When Hill Holliday Chairman-CEO Karen Kaplan speaks to groups, she sometimes asks the audience whether anyone is left-handed, then discusses how the world caters to right-handed people with things like dinner table settings. "It's similar in business -- the default is male," she said she tells them. "You have two options: Get better at playing the game despite disadvantages, or change the game."
Whether it's sexist slurs as alleged in the lawsuit against former J. Walter Thompson CEO Gustavo Martinez or unspoken and even unconscious biases, the ad industry's male/female divide persists. For all the applause when women such as DDB's new North American CEO Wendy Clark reach the top of the ladder, there are jeers over the low percentage of women in roles from copywriter to creative director.
But the Martinez suit has kicked into gear a determined, if nascent, movement to stop talking the issue over and truly, as Ms. Kaplan put it, change the game. Its efforts include initiatives to help women advance by offering more childcare assistance, destigmatizing flex time, correcting salary inequalities, implementing bias training and accentuating the positive by spotlighting women's accomplishments.
"The discussion over gender and diversity finally hit an inflection point," said Nancy Hill, president-CEO at the American Association of Advertising Agencies, who used part of her opening speech at the group's March conference to push for change within the industry.
"Our goal is threefold: to keep the conversation front and center, to raise awareness regarding female and diverse experiences in our industry and to offer programs that advance the careers of female and diverse professionals," she told Ad Age.
Getting to the numbers
Astonishingly, there are no comprehensive numbers quantifying gender disparities in advertising, even if there's a visible lack of women in senior roles.
"Without data you really can't talk about the problem," said Advertising Women of New York President-CEO Lynn Branigan. "Are we being successful? We can't really say."
That's why AWNY commissioned research on the number of women in the industry. Its partners on the project are LinkedIn, the media entertainment practice at professional services firm EY and the U.S. chapter of The 30% Club, a group of business leaders working to increase women's representation on S&P 500 boards to 30% by the end of 2020.
They plan to use the findings, which are due later this summer, to inform a new plan for the industry. The 4A's is also conducting research on topics including how women are treated at agencies and the way ads portray them.
There are a few bright spots, if you can call them that. Across industries, women hold 23% of leadership posts at U.S. businesses, up from 21% a year earlier, according to a Grant Thornton report released in March. While that's an increase, the report also pointed out that 31% of U.S. businesses have no women in senior management. Of the women in senior management roles, 11% are chief marketing officers, the report said.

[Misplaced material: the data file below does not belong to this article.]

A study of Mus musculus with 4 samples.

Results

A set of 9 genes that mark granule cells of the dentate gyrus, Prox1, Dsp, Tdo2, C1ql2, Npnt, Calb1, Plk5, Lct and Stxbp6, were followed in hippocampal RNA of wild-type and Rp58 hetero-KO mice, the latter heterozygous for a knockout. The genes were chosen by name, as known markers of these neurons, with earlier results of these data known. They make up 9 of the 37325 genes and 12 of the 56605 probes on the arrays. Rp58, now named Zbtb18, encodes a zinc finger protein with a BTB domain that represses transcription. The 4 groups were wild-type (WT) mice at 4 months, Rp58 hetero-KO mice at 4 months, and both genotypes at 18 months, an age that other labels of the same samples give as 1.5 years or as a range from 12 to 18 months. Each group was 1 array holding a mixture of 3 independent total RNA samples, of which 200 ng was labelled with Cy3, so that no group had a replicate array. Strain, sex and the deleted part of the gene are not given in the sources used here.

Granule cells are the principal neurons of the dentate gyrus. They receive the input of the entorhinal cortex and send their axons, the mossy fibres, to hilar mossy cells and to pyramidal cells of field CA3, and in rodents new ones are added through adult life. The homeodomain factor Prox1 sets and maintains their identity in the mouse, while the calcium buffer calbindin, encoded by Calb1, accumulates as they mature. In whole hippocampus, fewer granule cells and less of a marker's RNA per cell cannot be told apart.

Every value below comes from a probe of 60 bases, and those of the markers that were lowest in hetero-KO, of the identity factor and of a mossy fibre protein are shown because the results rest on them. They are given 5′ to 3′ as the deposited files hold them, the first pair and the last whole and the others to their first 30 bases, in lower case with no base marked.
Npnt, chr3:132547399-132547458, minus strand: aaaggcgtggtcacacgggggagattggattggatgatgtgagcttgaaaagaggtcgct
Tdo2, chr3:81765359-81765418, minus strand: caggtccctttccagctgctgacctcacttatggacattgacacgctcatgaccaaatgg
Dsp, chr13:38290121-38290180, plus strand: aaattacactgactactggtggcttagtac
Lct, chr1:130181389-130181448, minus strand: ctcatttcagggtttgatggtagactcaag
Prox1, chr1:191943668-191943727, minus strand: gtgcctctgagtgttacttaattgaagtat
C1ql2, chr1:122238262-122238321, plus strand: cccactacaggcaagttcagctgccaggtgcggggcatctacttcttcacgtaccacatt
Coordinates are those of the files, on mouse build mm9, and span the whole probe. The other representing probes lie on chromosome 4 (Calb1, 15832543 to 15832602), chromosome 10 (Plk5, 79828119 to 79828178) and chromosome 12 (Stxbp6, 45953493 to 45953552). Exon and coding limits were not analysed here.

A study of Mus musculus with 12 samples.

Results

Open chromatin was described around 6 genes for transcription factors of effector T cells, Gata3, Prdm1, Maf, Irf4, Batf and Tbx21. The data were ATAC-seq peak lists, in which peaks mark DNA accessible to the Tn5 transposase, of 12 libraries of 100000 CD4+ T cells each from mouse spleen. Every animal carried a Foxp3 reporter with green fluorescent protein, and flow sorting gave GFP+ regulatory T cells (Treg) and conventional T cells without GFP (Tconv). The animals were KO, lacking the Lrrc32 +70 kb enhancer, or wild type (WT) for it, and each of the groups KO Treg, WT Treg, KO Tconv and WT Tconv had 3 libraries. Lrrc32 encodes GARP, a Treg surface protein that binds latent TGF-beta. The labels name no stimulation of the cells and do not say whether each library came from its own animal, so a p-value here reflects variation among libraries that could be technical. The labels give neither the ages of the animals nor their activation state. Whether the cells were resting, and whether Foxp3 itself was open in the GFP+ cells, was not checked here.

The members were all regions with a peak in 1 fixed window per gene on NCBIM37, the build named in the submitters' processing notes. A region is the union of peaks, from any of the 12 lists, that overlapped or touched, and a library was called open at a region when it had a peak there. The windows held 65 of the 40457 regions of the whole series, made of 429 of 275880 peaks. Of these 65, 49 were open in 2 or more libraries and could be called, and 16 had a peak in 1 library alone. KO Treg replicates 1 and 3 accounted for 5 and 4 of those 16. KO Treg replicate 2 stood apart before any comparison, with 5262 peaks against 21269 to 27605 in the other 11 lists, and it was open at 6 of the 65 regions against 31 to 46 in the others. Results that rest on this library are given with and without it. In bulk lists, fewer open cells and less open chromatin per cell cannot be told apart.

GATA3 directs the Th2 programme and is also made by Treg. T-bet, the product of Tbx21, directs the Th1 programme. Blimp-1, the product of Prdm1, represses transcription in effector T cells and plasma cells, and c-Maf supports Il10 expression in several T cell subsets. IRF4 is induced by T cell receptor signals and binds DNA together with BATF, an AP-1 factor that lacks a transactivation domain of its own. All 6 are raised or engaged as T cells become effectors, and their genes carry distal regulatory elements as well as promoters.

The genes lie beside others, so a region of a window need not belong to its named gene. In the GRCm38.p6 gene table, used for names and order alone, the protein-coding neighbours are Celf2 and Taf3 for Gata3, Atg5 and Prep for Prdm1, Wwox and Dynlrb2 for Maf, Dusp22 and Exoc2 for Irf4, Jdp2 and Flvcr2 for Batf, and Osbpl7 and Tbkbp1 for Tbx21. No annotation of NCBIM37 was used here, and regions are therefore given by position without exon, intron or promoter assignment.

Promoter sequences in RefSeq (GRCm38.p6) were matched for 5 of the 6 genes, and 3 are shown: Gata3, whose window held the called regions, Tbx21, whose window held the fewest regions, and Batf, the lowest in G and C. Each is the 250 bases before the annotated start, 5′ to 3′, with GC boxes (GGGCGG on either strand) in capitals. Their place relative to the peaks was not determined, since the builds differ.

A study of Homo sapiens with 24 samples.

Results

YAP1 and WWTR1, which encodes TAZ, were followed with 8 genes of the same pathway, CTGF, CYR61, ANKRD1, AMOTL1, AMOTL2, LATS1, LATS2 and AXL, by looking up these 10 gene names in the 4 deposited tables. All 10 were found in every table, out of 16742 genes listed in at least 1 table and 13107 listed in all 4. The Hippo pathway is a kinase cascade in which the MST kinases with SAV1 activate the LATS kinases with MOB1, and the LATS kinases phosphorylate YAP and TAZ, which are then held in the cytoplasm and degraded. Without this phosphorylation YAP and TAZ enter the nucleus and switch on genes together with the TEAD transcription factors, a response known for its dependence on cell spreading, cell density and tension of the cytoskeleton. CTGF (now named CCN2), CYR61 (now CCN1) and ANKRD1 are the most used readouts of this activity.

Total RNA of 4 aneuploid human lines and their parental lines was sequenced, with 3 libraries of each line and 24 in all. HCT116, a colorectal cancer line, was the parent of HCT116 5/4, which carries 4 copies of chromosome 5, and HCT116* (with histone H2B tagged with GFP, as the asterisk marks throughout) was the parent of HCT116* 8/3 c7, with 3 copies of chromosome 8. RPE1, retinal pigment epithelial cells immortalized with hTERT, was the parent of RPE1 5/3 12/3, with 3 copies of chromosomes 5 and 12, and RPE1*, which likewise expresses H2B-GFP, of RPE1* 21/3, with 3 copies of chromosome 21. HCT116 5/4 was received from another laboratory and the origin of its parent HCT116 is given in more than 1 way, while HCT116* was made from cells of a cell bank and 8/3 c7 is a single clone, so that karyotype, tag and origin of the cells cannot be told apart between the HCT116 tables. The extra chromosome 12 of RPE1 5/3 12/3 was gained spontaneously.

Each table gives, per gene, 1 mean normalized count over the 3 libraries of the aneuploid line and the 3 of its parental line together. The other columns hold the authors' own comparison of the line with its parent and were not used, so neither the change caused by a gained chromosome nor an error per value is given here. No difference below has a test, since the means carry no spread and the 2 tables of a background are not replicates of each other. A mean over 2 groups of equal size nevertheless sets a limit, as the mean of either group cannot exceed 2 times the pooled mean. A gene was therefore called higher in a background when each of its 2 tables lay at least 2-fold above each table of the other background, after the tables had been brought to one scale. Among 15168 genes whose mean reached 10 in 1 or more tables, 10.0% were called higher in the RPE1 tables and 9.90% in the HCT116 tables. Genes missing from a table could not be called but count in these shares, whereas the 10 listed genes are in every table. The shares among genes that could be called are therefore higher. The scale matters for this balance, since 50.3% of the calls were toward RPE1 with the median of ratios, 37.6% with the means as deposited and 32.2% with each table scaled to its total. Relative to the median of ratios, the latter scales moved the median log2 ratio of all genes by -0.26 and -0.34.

In fact, women are better represented in the marketing suite than elsewhere within corporations. "About a third of marketing leadership is women," said Caren Fleit, senior client partner and leader of the Global Marketing Center of Expertise at Korn Ferry. "That sounds low, and of course we'd like to see it be higher, but in actual fact it is higher than it is for CEOs, it's higher than it is for CIOs, higher than it is for everything except for CHROs, which tends to be about 50/50 male/female."
One of the biggest gaps seems to be in the creative department, a fact highlighted by The 3% Conference, named for an estimate of female creative directors when the group was formed. Its survey last fall, called "What Women Want," found that women make up 46.4% of the advertising industry as whole but only 11% of creative directors. The movement, dedicated to supporting more female creative leadership in agencies, reached out to 328 women in both creative and non-creative roles for the survey, 60% of whom said their current employer falls below the 11% mark.
Even Ms. Kaplan, who is trying to even the scales at Hill Holliday, admits that "where we've struggled, and everybody in our industry has struggled, is in the creative department." She said it's a "stubborn problem" with causes that are hard to pinpoint. Her shop is making strides, though, increasing the proportion of women in the creative department to 40% as of this March from 20% two years earlier.
"It really takes a focused effort," Ms. Kaplan said. "Agencies need to measure it and hold people accountable. It won't just happen."
Margaret Johnson, executive creative director and partner at Goodby Silverstein & Partners, recalls getting congratulatory messages when she became the agency's first female partner in 2012. Two that stood out were handwritten notes from women she had never met: Margaret Keene, at the time an executive creative director at Saatchi & Saatchi and now executive creative director at MullenLowe L.A., and Susan Credle, then chief creative officer at Leo Burnett USA and now global chief creative officer at FCB. "I'll never forget -- the first line of that letter was 'Welcome to the club,'" Ms. Johnson said of the note from Ms. Credle. "They were kind of pulling me up with them."